An investment platform (also sometimes called a broker) is a piece of software that lets you buy, sell and hold investments. Historically if you wanted to buy investments you had to call a stockbroker – think Leonardo Di Caprio in Wolf Of Wall Street, but with less chest thumping – and they would execute a buy or sell order for you. But thanks to the wizardry of modern technology you can now invest using nothing more than a smartphone and an internet connection.
What sounds simple enough on paper often causes a lot of confusion in practice. There are a dizzying number of investing platforms and investment account types to choose from. This is before you even get to investing in one of the thousands of stocks, funds and bonds available to the average investor today.
So if a robo adviser sounds like a mechanical butler to you, or if you don’t know your index funds from your ETFs, sit back, we’re here to put all of your fears to rest. In this article we’ll be explaining what an investing platform is and some of the pros and cons of each.
What’s an investment platform?
As mentioned at the start of the article, an investment platform is simply an online service that lets you buy, sell and hold investments. Some are standalone investment platforms available as websites, some are available via smartphone apps, and a few that are available across both. It is also worth noting that some high street banks also offer investing platforms – Barclays’ Smart Investor and Halifax’s Share Dealing platforms come to mind – but these aren’t to be confused with their regular banking services.
At the time of writing there are over 20 investing platforms in the UK, with multiple having launched in the last five years. This means that as a first-time investor not only are you spoilt for choice, but you also have to wade through a sea of options. Analysis paralysis remains a real risk for the first-time investor!
Imagine if you had never owned a smartphone but were tasked with choosing a mobile provider for the first time. Do you go with EE or Vodafone? Pay-as-you-go or SIM only? Choosing an investing platform for the first time can seem daunting, but don’t let the unfamiliarity put you off. Signing up for an investing platform is very similar to opening a bank account, and broadly speaking, they fall into one of four types.
Robo-advisers – an odd sounding name to the uninitiated – are a platform type that offer ‘pre packaged’ investments (imagine if IKEA offered investment products!). When you sign up to a robo-adviser platform you are normally asked some high-level questions about your investment objectives and risk appetite, and then the platform will suggest a ready-made investments for you to choose from.
You don’t have to do any picking. The fees that you pay to invest on a robo-adviser are generally higher than with other platform types because the service does most of the legwork for you. Robo-advisers you may have heard of include Nutmeg, Wealthsimple and Moneyfarm. You can find a robo-investor using our robo-calculator.
Premium DIY investing platforms are known as such because you make all of your investment decisions yourself (that’s the DIY part), but also because you get a lot of added extras on the platform like research articles and dedicated customer service. So if for example you wanted to buy shares in an overseas country or participate in a stock market IPO, there’d be a telephone number you can call for help.
The fees you pay to a DIY investing platform are therefore lower than with a robo-advisor, because although the platform does provide you with information you can use to make your investing decisions, ultimately the specific combination of investments you choose are down to you. Premium DIY platforms you may have heard of include Hargreaves Lansdown, AJ Bell and Fidelity.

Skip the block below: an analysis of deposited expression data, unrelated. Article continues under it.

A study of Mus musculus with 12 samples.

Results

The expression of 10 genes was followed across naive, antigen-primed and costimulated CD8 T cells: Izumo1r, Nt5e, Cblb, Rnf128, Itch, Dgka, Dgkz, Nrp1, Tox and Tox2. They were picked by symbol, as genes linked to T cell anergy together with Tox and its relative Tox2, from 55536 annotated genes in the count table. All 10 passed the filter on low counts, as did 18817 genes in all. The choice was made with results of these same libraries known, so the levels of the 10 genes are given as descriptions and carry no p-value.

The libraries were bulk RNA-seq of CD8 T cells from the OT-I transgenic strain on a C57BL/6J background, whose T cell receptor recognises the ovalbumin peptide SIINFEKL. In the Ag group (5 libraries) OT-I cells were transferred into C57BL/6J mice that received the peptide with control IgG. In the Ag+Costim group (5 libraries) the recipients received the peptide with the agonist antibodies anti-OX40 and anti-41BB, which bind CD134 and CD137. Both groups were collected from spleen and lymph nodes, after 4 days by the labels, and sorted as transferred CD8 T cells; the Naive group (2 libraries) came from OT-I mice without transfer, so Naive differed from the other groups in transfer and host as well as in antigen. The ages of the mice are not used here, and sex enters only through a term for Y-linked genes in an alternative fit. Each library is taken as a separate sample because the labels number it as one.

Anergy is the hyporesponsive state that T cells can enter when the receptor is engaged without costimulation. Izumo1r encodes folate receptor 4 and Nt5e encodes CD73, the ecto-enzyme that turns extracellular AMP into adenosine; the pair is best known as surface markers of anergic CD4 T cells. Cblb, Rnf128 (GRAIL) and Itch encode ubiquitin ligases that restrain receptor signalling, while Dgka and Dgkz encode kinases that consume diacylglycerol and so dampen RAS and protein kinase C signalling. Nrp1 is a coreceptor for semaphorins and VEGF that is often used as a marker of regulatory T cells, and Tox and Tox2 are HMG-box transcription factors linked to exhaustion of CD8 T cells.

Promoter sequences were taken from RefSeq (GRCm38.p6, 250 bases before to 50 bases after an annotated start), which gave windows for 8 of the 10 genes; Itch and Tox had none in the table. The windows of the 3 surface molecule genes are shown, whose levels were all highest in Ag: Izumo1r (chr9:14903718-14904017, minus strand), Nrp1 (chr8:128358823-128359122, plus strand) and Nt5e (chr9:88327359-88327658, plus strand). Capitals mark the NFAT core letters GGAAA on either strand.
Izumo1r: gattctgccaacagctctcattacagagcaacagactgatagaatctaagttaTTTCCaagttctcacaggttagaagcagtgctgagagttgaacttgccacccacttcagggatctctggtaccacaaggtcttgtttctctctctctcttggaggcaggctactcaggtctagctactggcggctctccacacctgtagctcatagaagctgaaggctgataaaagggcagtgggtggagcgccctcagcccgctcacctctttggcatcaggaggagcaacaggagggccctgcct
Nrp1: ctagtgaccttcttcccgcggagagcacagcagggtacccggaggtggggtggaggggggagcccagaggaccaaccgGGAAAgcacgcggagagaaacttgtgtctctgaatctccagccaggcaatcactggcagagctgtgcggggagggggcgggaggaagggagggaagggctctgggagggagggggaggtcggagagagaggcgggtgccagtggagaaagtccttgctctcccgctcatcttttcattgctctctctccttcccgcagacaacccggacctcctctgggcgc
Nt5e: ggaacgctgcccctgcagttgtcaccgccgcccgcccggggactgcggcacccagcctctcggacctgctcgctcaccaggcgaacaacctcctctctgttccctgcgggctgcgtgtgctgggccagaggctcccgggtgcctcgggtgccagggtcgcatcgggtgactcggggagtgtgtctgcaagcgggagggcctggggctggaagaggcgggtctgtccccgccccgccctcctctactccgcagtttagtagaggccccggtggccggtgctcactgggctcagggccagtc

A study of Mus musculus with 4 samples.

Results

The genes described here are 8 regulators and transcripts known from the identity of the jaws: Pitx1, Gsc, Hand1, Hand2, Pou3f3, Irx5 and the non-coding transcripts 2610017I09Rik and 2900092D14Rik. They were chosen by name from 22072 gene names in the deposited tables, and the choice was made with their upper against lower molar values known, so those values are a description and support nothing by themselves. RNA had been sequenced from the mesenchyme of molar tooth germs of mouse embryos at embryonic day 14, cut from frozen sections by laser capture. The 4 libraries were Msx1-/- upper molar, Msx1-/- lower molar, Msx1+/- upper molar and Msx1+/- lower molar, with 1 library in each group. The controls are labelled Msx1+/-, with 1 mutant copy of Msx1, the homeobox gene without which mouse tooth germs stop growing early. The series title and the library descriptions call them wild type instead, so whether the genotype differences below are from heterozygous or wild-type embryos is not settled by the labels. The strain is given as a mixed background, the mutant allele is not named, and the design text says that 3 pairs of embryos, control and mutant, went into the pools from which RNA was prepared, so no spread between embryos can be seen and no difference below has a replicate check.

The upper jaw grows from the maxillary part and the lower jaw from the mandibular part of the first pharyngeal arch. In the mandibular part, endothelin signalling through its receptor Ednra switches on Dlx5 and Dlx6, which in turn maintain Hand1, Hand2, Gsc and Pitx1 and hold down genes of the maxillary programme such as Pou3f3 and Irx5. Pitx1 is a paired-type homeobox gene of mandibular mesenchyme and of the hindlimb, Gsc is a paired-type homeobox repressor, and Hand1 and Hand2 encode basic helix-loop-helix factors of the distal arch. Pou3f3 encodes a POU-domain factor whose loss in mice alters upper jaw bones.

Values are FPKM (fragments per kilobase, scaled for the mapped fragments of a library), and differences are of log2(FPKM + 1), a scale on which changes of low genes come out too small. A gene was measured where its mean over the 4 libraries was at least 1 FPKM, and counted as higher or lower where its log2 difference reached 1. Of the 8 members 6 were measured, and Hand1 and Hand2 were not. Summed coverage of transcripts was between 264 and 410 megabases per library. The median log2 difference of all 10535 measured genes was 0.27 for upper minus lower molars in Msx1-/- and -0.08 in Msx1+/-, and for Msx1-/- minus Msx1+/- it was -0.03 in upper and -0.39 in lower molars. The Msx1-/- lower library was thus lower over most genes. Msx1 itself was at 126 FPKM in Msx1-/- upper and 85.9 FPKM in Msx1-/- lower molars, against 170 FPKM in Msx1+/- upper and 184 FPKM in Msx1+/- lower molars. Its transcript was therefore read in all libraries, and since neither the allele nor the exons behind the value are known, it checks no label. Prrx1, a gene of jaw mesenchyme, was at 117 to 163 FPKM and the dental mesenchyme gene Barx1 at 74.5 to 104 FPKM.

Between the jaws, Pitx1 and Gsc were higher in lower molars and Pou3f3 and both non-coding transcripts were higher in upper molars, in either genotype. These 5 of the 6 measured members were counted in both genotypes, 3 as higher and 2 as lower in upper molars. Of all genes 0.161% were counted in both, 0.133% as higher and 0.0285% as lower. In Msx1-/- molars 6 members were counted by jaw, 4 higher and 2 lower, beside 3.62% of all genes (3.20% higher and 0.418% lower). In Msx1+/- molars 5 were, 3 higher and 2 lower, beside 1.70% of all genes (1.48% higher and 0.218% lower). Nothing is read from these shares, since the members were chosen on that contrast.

Low-cost DIY platforms – often called no-frills investing platforms – are exactly as advertised. You get access to an investing platform, with little in the way of research and investment ideas or fancy extras like smartphone apps. These platforms are best suited to people who know exactly what they would like to invest in and would like to keep platform fees to a minimum. iWeb is an example of a low-cost DIY platform.
Use the simple investment platform calculator (two questions) is a super quick way to find the right DIY platform. If you’ve already got investments or have a good idea about different accounts you hold, you can use the more detailed investment fee calculator.
Lastly we have commission-free investing platforms, which focus on the buying and selling of individual company stocks, ETFs (exchange-traded funds) and CFDs (contracts for difference). CFDs are a slightly more complicated instrument and will be the focus of a different article. Many of the commission-free investment platforms are available as smartphone apps, and according to Investors’ Chronicle their uptake is currently accelerating at a faster rate than those of more traditional investment platforms.
What makes them ‘commission-free’? Normally when you buy funds or shares on an investment platform you pay a fee to the platform itself when you buy and sell, a bit like the ‘postage and packing fee’ you pay when you buy something on Amazon or eBay. If you’re a frequent trader, these costs can rack up quickly, so commission-free platforms instead opt for paid monthly subscriptions. Examples of UK commission-free investing platforms include Trading 212, eToro and Freetrade. You may also have heard of Robinhood in the US. Comparetheplatform will be introducing a trading app calculator soon.
Tune in later in the week to get the lowdown on the different types of accounts available on platforms. If you know about ISAs and haven’t used your ISA allowance this year, you can use any of our calculators above to help you find the right home for your money.